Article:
Back in April 2014, we launched the Compute Module to provide hardware developers with a way to incorporate Raspberry Pi technology into their own products. Since then, we’ve seen it used to build home media players, industrial control systems, and everything in between.
Earlier this week, NEC announced that they would be adding Compute Module support to their next-generation large-format displays, starting with 40″, 48″, and 55″ models in January 2017, and eventually scaling all the way up to a monstrous 98″ (!!) by the end of the year. These are commercial-grade displays designed for use in brightly lit public spaces such as schools, offices, shops, and railway stations.
NEC have already lined up a range of software partners in retail, airport information systems, education, and corporate to provide presentation and signage software which runs on the Compute Module platform. You’ll be seeing these roll out in a lot of locations that you visit frequently.
Each display has an internal bay which accepts an adapter board loaded with either the existing Compute Module or the upcoming Compute Module 3, which incorporates the BCM2837 application processor and 1GB of LPDDR2 memory found on the Raspberry Pi 3 Model B. We’re expecting to do a wider release of Compute Module 3 to everybody around the end of the year.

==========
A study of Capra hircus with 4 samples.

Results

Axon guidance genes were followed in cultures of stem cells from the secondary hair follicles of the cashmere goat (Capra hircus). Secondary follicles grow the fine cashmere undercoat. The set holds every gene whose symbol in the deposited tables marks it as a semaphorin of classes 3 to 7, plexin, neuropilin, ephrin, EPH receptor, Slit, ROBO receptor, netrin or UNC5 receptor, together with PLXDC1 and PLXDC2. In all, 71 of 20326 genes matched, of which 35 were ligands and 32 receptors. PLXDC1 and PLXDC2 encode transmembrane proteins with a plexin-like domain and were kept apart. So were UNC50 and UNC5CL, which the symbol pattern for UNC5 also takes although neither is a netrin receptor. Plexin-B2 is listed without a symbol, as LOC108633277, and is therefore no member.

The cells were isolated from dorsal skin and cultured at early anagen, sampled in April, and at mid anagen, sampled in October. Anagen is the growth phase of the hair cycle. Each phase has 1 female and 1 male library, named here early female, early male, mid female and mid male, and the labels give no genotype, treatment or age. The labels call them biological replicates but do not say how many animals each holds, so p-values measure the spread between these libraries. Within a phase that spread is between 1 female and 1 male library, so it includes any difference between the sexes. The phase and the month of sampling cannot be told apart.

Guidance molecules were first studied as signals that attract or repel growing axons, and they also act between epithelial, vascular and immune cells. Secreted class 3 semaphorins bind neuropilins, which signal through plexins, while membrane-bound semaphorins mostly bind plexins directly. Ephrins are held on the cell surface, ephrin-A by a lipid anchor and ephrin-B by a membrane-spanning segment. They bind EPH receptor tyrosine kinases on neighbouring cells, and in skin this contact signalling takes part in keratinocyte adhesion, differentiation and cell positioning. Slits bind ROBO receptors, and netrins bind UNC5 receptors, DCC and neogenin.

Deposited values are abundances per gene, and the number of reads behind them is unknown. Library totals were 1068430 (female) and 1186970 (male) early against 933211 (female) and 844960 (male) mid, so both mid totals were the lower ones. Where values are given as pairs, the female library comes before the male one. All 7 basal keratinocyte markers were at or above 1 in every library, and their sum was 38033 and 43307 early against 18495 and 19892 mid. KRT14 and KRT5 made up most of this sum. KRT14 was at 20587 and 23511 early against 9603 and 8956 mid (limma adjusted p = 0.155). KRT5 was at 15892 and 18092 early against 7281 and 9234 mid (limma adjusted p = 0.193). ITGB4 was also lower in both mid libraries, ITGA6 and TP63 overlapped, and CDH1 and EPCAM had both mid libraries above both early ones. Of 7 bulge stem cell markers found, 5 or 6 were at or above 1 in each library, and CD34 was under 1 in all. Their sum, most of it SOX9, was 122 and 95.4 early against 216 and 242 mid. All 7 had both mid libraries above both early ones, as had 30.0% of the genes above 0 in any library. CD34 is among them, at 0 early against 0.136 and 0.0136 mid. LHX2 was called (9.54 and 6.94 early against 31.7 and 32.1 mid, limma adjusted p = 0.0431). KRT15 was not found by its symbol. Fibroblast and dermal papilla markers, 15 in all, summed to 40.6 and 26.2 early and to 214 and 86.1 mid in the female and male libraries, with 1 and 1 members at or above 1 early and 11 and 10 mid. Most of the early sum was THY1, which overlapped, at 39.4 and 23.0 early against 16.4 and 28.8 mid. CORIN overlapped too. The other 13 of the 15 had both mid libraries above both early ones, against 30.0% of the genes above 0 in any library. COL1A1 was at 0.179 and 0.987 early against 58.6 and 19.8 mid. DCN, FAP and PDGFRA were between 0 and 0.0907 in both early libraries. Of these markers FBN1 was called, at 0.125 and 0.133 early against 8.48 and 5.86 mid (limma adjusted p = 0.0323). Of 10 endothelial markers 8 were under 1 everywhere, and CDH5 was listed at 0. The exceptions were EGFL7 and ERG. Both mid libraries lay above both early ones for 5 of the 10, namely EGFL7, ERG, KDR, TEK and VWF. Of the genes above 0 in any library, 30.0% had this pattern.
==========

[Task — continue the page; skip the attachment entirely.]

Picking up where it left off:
We’ve been working on this project with NEC for over a year now, and are very excited that it’s finally seeing the light of day. It’s an incredible vote of confidence in the Raspberry Pi Compute Module platform from a blue-chip hardware vendor, and will hopefully be the first of many.
Now, here’s some guy to tell you more about what’s going on behind the screens you walk past every day on your commute.
NEC Display Solutions today announced that it will be sharing an open platform modular approach with Raspberry Pi, enabling a seamless integration of Raspberry Pi’s devices with NEC’s displays. NEC’s leading position in offering the widest product range of display solutions matches perfectly with the Raspberry Pi, the organisation responsible for developing the award-winning range of low-cost, high-performance computers.